A judge in Canada is now facing a court hearing to see if he gets to keep his robe and gavel after he made questionable and rather sexist comments to a teenage rape victim.
Robin Camp is a Federal Court Judge in Canada. In 2014, a case opened about a young woman who was raped.
A 19-year-old homeless woman reported being raped over a sink during a house party.
When the case was brought up in court, Judge Camp said to the young woman, “Why couldn’t you just keep your knees together?”
Camp also wondered why the young woman could not “skew her pelvis” or stand with her behind toward the sink to “avoid penetration.”
Camp then said women want to have sex — especially when they are drunk — and that pain and sex just go hand in hand. It is not a bad thing.
Maybe sexual tension rises when people have a little too much to drink, but I do not think that any woman wants to have sex against her will when she is intoxicated.
I also do not believe that pain and sex go hand in hand, especially when someone is being accused of rape.
Rape is an awful word. This word takes the love and naturality out of sex. This word is aggressive and spiteful.
As a young woman in college, this case tells me that some men really do not understand sexual assault as a punishable crime and that women are not just bodies to take advantage of.
We have all heard of Brock Turner, the Stanford student released early after being convicted of rape.
His case shows a pattern among male judges who do not feel so inclined to fully punish young men for the assault crimes they commit.
Men of all ages need to be aware of the chances they are taking while taking advantage of a woman and should not have examples like Brock Turner and Robin Camp to follow.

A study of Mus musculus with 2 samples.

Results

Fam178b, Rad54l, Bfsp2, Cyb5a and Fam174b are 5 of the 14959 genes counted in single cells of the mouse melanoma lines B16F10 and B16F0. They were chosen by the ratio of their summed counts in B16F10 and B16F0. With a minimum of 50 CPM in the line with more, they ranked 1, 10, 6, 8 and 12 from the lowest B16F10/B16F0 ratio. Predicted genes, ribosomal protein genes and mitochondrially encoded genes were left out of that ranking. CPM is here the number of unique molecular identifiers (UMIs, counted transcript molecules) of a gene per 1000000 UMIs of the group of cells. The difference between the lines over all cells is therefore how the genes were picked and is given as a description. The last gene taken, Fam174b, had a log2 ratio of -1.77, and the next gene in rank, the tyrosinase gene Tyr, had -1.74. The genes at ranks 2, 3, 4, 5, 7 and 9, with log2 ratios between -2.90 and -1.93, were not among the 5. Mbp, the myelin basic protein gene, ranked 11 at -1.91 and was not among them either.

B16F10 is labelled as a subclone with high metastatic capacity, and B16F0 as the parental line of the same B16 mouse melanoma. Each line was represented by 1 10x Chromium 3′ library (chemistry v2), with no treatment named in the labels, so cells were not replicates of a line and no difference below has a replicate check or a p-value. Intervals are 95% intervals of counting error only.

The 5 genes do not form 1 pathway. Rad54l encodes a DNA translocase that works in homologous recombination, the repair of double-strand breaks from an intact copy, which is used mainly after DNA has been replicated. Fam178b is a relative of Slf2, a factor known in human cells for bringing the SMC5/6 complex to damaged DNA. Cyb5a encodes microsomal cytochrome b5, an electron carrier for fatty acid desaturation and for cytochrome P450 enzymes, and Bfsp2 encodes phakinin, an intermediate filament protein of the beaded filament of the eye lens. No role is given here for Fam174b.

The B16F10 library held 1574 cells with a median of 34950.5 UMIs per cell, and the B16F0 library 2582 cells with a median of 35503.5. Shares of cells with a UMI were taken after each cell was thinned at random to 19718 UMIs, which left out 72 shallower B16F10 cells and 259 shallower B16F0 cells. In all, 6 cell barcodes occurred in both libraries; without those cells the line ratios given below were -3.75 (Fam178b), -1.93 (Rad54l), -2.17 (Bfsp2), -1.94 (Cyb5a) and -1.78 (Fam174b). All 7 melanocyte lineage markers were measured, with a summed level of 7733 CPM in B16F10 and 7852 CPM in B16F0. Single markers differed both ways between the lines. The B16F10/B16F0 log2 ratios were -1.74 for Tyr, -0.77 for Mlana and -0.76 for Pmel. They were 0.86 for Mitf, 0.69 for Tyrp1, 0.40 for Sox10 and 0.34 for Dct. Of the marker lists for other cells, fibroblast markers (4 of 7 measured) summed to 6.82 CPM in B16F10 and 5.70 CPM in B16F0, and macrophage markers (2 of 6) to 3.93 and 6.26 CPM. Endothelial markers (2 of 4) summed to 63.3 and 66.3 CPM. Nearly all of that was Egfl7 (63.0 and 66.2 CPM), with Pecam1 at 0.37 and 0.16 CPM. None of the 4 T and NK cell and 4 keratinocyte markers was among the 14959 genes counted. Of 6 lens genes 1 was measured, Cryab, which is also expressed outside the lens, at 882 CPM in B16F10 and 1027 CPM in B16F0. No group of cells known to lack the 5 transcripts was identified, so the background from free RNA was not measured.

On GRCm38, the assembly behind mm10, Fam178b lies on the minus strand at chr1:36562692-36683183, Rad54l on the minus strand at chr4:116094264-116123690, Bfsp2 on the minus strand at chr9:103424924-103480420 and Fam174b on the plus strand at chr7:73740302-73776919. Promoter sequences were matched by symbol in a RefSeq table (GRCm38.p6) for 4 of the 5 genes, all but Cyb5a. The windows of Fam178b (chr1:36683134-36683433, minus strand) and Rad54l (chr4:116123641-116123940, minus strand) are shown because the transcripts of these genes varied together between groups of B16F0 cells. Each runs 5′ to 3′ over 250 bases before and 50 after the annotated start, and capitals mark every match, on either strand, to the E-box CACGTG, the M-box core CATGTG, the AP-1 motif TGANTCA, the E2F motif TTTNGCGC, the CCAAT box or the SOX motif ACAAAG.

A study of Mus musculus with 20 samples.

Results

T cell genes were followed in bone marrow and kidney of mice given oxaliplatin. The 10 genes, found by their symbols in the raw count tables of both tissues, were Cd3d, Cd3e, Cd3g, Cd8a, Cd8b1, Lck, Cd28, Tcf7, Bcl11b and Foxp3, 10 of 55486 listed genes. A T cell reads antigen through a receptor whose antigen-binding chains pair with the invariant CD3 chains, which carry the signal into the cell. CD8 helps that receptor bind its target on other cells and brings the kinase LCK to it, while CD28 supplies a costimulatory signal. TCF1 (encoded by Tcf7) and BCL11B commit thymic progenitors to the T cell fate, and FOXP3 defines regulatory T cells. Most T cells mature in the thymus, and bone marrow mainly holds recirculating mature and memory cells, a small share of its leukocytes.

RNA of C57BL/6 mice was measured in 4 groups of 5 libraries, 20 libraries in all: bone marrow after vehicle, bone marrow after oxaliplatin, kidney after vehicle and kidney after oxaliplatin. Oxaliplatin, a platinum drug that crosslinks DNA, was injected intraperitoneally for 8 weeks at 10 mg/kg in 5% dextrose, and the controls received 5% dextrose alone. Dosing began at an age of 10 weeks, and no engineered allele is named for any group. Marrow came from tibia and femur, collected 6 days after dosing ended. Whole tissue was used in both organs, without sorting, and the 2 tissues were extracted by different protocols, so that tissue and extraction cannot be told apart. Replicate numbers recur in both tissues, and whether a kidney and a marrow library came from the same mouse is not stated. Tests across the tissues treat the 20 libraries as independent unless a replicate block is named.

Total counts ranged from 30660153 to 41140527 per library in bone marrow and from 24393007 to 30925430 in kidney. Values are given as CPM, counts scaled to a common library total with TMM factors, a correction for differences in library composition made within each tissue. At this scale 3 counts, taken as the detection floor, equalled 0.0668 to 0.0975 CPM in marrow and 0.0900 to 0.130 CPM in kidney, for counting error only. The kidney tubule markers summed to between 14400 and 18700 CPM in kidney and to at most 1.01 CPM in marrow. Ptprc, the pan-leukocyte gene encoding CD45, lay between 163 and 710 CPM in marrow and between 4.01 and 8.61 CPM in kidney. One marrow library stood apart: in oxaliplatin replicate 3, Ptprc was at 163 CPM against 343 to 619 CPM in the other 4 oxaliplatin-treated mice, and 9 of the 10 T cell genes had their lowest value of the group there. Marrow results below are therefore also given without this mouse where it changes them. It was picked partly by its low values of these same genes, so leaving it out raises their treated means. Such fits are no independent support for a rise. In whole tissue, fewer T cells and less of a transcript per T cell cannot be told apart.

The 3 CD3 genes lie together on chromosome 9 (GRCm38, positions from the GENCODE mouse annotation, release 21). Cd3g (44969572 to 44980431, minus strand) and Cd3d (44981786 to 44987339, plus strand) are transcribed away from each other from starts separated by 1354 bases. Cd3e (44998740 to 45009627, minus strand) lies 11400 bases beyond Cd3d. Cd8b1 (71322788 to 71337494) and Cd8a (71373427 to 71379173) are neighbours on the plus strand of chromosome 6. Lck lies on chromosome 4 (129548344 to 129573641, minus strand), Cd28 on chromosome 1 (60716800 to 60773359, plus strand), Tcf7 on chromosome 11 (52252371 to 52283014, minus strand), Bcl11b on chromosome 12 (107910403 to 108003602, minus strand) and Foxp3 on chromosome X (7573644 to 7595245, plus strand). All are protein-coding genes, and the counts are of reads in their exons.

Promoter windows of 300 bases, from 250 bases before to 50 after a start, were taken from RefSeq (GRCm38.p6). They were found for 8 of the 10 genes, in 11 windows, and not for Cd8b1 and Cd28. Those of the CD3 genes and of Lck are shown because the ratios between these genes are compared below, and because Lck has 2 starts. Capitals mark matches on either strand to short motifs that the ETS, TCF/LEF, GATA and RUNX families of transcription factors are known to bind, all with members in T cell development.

Men who have seen these cases are more likely to believe they will get away with sexual assault.
That scares the hell out of me.
Does this mean defense classes should be offered to learn to “skew” the pelvis? Or maybe a device to help strengthen the muscles in the legs so “keeping our knees together” is more effective?
Why does a woman who is taken advantage of receive the names slut or whore, but men get kudos from their friends with no repercussions of slut-shaming?
Camp reportedly told the young man in question he and his friends need to be careful with women because they are sensitive.
Sensitive? I seemed to have forgotten that rape is only just a miniscule and slightly sensitive thing.
I live not only in of fear of an incident happening to myself or someone else on campus, but because I am living in a world where men find it normal for drunken young adults to have sex without consent — or rape, for lack of a better word.
Yes, it is college.
Yes, kids are drinking.
Yes, there will be issues regarding sexual assault.
However, let us not make this a college “norm.” Let us understand that there are consequences to our actions and everyone should try to keep away from harmful situations.
Women should not have to learn to move in different ways to avoid sexual assault. Men should not have to involve themselves in the situations in the first place — and vice versa.
Butler requires students to meet for Red Cup Culture, which educates on how to keep safe from sexual assault, the dangers of alcohol, and caring for peers who appear to be involved in dangerous situations.
This training is important to take seriously so that Butler can continue to grow as a safe community.
The reality of sexual assault is not pretty, but as college students, we can work against the statistic and learn from Robin Camp and Brock Turner.
Camp may not believe that the young woman was a victim, but I surely do — and I hope you do, too.